The third preseason game is often regarded as the dress rehearsal for the regular season. If that's the case, the New England Patriots offense got undressed in the team's 40-9 loss to the Detroit Lions.
Thursday night was a reminder that, while this offense has just as much potential as any Patriots offense before it, there could be some growing pains—at least early on—that remind us of the reliability for which Tom Brady's bunch has been known.
The offense put up just 330 total yards, with 198 yards coming in the first half. The Lions front four got a good push against the Patriots offensive line, and Brady reacted the way he normally reacts, getting a little skittish under the pressure. He started red-hot but finished with a very human stat line, going 16-of-24 passing (66.7 percent) for 185 yards (7.7 YPA), an interception and a 72.4 passer rating.
This is the same Patriots offense that hung 31 points and 442 total yards of offense on the Philadelphia Eagles, then followed that up with an electric effort in putting up 25 points and 382 yards of offense against the Tampa Bay Buccaneers. This is the same Brady who had completed 18 of 20 pass attempts for 172 yards and two touchdowns in those two games combined.
The game was also a reminder that injuries loom large over this team. Danny Amendola missed the game, and although his injury is not thought to be serious, the Patriots got a preview of what their passing game could look like without him in the lineup.
At right guard, the Patriots are still dealing with a less than ideal situation. With injuries to both Marcus Cannon and Dan Connolly, they moved tackle Will Svitek to right guard as the starter over the first few weeks. It hadn't been a problem in the previous two games, but of course, Svitek was one of many offensive linemen who struggled with defensive tackles Ndamukong Suh and Nick Fairley.
That's a tough spot for Svitek to be in, having to play guard after playing tackle his entire career, but it's the situation the Patriots may be forced to roll with if they can't get guys back quickly enough.
Of course, there's also the continued absence of tight end Rob Gronkowski, who the Patriots can expect to be without for at least the first game of the regular season, but they have been without him since the beginning of training camp. They're used to it at this point.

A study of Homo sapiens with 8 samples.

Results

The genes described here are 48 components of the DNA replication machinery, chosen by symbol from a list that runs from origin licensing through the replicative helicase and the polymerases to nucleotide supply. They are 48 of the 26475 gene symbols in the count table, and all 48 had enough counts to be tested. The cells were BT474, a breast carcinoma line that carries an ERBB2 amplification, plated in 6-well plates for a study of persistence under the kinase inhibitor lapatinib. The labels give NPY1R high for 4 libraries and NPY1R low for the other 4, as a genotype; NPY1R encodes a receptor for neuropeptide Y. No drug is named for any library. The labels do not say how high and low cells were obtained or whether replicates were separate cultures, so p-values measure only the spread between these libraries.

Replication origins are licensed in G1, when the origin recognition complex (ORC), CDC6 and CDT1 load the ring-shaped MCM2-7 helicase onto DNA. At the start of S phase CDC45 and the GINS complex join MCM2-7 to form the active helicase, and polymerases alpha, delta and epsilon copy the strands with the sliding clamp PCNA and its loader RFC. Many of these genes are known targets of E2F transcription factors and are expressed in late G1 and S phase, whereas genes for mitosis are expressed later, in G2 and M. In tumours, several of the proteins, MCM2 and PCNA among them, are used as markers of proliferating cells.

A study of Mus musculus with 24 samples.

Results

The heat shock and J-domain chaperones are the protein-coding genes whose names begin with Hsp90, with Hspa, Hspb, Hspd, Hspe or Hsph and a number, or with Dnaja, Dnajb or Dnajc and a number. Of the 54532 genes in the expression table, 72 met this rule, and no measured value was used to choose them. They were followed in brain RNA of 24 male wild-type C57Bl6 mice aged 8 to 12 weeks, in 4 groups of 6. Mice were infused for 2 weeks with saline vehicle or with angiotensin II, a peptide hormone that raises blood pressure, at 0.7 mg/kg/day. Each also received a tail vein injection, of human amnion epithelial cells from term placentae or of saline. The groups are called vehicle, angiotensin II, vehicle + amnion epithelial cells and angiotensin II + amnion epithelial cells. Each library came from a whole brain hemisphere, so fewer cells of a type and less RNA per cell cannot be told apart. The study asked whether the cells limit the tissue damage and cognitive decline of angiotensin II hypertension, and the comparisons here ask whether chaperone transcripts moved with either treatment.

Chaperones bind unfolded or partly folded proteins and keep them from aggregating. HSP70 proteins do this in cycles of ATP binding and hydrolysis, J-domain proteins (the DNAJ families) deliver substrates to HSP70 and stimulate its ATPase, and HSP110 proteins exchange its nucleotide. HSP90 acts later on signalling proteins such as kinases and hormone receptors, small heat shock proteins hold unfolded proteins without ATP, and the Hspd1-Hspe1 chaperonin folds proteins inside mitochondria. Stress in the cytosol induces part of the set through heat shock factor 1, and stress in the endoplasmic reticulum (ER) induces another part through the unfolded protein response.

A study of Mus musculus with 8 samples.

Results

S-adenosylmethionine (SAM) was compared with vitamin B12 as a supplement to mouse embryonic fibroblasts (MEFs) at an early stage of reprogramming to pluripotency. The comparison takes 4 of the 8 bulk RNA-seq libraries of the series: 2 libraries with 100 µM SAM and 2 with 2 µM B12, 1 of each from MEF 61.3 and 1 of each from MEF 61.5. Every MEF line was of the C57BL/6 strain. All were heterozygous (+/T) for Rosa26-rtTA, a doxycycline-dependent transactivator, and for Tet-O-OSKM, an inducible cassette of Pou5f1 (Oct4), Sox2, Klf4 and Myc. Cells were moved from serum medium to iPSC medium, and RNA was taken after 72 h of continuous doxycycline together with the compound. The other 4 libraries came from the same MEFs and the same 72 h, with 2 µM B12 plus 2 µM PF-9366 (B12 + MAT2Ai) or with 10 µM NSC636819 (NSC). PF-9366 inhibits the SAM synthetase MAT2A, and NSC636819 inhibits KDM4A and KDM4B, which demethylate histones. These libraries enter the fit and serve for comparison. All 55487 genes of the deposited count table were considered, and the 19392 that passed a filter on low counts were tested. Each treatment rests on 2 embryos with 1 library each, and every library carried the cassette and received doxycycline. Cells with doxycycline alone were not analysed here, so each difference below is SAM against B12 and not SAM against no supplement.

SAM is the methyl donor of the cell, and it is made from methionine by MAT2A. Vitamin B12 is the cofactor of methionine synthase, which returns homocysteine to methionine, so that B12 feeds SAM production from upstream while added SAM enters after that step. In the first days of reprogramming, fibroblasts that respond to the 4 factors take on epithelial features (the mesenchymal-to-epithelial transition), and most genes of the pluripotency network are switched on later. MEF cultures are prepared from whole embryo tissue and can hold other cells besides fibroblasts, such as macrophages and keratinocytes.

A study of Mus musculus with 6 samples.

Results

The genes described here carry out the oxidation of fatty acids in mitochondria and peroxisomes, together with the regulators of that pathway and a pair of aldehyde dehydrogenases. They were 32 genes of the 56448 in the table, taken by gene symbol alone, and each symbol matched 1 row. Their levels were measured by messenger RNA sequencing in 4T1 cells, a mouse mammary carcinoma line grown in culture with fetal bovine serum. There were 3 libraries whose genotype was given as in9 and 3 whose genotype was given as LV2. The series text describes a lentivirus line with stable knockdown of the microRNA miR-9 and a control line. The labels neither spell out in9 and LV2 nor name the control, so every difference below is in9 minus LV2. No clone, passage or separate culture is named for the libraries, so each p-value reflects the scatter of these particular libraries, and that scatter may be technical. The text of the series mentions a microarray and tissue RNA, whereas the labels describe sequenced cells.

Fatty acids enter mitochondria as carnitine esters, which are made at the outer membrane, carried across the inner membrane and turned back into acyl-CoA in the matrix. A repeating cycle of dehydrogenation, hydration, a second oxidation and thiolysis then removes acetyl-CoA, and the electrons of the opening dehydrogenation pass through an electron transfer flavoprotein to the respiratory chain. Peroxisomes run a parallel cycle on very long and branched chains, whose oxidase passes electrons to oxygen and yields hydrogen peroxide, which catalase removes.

They're not used to turning the ball over four times in one game. In fact, the Patriots turned the ball over just once in their first two preseason games.
Going from a single Tim Tebow interception to a box score with four ugly stains on it? That's not how you win football games any time of the year: preseason, regular season or playoffs.
The good thing about such a game in the preseason is that it can serve as teaching tape until the regular season.
On Zach Sudfeld's fumble, the tight end just didn't put the ball away quickly enough after the catch to avoid the defender getting his helmet on the ball to knock it loose. That's an unfortunate circumstance for Sudfeld, but it's preventable, and as such, it's correctable.
Running back Brandon Bolden fumbled under a similar situation, where he just couldn't get the ball away quickly enough. He certainly had the opportunity to get it secured, but the defender smelled blood, and once again, helmet on ball equals fumble.
The same could be said for running back Shane Vereen's fumble. How does a running back not keep two hands on the ball on 3rd-and-15 when backed up on his 8-yard line? Priority No. 1 in that situation has to be not putting the ball on the ground.
This could not have all happened at a better time for Patriots head coach Bill Belichick, who now has legitimate gripes for the next two weeks while his team prepares to play its first regular-season game on Sept. 8.
Even on a night that saw so much go wrong for the Patriots, they still had a few things go right—namely, the play of wide receiver Kenbrell Thompkins. The undrafted rookie from Cincinnati has been making a big impact in practices, and he broke out with eight catches for 116 yards on the night. He has also clearly earned the trust of Brady, pulling in six catches for 93 yards from the franchise quarterback.
As any receiver who's played in New England over the past 12 years will probably tell you, earning Brady's trust is the most important thing.
We have seen the Patriots offense when it's firing on all cylinders, and it doesn't look much different than it has in years past. Now, we've also seen it face some adversity. One characteristic of the previous offense was that it could bounce back from tough games like this.
As if it was written, the next opportunity for retribution will be the first game that really counts.
Erik Frenz is also a Patriots/AFC East writer for Boston.com. Unless otherwise noted, all quotes obtained firsthand or via team news releases.